Peel the internet curtains back at Gothamist HQ, and you'll find more than a few odd traditions and obsessions lurking—some of us have Sour Power Straw addictions, some of us hoard whiskey-in-a-can, some of us watch seemingly endless loops of Heyyeyaaeyaaaeyaeyaa. And some of us blast R. Kelly's "Ignition (Remix)" every Friday at 5 p.m. with pavlovian precision. This week marks ten years since "Ignition (Remix)" was hot and fresh out the kitchen. It's the greatest "weekend" song of all time, and there's nothing left to do on a Wednesday afternoon but bounce bounce bounce bounce bounce bounce bounce.
It's hard to know where to start unpacking one of the greatest songs of the '00s, a universal anthem of bounce-ation. It's always remarkable to us to realize that there really is a non-remix piano-led version of "Ignition" (it appears right in front of the remix on Chocolate Factory!)—and it has much filthier lyrics. It was even an R&B single BEFORE its much better known sequel, though it didn't really crossover. The "Remix" did peak at #2 on the Billboard Hot 100 Chart though.
And yet, the "Remix" has lived on like universal musical wallpaper, in the background of a million bodgas, limos, clubs, and hotels—a genre-defying modern crowd pleaser, up there with Gorillaz's "Clint Eastwood," Outkast's "Hey Ya!," Beyonce's "Single Ladies," and Daft Punk's "One More Time." A long time before cancelled cruises, "intimate nights" at strip clubs, and Broadway plays, there were just transcendent singles like this. Oh, and peeing allegations.
And the best part is that it's an unabashedly joyous song whose silly lyrics are deeply self-referential without lapsing into self-parody (or preciousness). On the one hand, it has tons of playful onomatopoeia ("So baby gimme that toot toot /Lemme give you that beep beep;" "Cris-tal poppin'"). Then there's the spoken word intro ("Go head' on and break em off wit a lil' preview of the remix..."), the pre-chorus which situates Kelly in a car overhearing the song ("Bouncin on 24's /While they say on the radio"), and then the mighty chorus hook: "It's the remix to Ignition/hot and fresh out the kitchen."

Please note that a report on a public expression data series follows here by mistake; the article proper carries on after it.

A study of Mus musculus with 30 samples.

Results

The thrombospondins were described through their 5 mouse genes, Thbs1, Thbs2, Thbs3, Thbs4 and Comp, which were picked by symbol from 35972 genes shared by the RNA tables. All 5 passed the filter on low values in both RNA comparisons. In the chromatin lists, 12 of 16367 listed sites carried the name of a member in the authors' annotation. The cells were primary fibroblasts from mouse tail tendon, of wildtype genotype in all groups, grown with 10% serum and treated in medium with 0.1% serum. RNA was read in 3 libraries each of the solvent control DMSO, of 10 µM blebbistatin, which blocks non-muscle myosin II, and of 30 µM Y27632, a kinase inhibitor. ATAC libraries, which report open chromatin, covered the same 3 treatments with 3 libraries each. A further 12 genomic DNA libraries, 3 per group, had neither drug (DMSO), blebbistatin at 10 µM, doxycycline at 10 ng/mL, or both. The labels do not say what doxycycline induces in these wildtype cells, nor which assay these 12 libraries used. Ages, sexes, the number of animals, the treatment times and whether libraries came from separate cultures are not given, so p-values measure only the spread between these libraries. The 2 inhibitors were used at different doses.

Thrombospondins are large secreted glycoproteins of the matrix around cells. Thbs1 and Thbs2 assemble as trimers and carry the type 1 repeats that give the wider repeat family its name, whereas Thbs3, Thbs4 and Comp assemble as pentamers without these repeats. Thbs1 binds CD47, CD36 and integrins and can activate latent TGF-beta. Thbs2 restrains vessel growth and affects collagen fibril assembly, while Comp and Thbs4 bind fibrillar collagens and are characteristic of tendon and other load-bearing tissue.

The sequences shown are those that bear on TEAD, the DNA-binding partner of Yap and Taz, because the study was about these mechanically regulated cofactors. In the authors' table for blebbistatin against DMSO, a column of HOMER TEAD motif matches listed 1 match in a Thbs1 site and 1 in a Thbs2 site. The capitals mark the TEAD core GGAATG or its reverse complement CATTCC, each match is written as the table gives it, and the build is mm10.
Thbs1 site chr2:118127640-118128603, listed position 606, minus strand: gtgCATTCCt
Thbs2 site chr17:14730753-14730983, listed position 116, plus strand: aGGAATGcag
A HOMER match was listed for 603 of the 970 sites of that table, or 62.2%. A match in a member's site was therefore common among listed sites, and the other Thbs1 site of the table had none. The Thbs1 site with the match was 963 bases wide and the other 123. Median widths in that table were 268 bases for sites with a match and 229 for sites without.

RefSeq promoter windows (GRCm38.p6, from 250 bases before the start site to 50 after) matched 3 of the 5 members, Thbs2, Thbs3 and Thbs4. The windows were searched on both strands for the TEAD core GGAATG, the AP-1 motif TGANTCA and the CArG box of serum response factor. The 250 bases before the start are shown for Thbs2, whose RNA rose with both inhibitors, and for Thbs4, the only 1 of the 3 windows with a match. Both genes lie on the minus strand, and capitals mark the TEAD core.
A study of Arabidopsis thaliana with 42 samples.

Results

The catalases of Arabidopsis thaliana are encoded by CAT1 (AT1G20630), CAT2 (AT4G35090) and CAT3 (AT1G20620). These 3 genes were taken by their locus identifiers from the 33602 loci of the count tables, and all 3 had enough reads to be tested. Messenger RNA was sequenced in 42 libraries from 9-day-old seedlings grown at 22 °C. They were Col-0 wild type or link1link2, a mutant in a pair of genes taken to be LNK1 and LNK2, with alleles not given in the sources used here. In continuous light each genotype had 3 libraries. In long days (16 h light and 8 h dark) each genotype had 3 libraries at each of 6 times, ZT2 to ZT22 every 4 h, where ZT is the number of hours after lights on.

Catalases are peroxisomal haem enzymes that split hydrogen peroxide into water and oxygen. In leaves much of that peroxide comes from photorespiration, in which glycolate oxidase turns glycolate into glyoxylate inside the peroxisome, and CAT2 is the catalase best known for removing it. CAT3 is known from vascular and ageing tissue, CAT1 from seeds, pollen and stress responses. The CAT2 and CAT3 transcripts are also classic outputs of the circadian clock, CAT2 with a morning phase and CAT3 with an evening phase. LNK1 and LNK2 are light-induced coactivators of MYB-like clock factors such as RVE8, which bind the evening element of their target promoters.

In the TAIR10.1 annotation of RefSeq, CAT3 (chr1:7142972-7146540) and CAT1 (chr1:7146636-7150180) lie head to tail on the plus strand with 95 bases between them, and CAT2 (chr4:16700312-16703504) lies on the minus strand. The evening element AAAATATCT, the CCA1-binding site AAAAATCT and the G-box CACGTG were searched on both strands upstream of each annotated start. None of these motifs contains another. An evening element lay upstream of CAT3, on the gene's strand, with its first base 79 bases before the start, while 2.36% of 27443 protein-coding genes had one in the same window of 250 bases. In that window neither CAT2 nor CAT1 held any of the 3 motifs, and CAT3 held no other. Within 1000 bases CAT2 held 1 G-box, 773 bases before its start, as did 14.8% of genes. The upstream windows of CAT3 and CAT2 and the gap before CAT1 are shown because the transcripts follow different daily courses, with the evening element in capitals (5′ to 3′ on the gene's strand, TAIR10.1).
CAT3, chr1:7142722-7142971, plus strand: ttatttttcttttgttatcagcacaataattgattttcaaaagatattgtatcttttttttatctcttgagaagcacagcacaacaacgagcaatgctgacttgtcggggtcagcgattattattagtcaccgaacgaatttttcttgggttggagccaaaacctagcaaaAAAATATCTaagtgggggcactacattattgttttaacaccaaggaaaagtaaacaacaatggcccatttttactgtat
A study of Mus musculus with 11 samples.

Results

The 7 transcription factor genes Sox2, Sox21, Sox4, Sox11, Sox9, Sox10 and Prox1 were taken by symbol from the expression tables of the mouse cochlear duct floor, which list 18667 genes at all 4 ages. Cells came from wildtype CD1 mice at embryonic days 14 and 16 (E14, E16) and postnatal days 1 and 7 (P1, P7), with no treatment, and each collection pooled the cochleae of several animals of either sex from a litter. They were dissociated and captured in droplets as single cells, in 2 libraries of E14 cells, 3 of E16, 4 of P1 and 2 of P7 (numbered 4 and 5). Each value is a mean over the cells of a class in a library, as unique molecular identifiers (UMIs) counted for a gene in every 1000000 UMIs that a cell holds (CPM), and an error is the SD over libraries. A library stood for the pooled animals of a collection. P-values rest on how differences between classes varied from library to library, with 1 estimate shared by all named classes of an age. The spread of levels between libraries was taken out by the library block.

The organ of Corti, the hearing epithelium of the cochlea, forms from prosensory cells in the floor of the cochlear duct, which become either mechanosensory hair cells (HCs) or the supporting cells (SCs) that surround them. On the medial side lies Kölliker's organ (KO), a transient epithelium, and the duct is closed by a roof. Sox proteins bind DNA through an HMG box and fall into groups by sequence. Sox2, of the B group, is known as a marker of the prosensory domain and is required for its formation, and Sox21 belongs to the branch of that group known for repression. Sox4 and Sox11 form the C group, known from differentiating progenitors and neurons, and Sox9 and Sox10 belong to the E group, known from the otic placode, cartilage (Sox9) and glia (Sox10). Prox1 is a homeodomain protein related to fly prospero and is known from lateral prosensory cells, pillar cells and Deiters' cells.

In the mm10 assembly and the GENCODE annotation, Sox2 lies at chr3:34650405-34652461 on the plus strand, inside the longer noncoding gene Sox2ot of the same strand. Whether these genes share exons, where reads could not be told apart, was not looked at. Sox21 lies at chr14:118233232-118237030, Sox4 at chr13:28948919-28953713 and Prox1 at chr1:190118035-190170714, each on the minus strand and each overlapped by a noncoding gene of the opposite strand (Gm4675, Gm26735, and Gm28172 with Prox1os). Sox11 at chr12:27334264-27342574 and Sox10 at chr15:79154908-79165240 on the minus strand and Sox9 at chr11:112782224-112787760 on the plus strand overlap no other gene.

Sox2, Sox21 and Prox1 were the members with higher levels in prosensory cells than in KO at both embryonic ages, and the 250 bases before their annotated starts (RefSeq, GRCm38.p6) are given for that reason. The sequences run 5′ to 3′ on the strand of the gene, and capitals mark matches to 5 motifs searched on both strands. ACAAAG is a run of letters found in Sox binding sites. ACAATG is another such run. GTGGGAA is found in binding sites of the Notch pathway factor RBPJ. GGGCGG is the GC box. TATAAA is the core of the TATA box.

As for the bubbly music underneath, Matthew Perpetua said it best: "Like the best Prince songs, it has an ability to make you feel vicariously smooth and sexy, even if you are not a particularly smooth or sexy person." Or as Pitchfork put it when it named the song its 19th favorite track of the 2000s: "You have to work very hard indeed to sound this casual. "Ignition (Remix)" is a lazy, buzzed collage of a night on the town put together with a craftsman's eye."
There's no doubt that "Ignition (Remix)" is R. Kelly's crowning masterpiece, a single distillation of everything he does well, his "Stairway to Heaven"—which we guess means, following this poor metaphor to its logical conclusion, that "Trapped In The Closet" is like a never-ending "D'yer Mak'er" (or something). We don't know how many times a person should bounce per day, but we do know that "Ignition (Remix)" inspired one of the greatest song parodies of all time: Dave Chappelle's "(I Wanna) Pee On You" and its followup, "Piss On You (Remix)."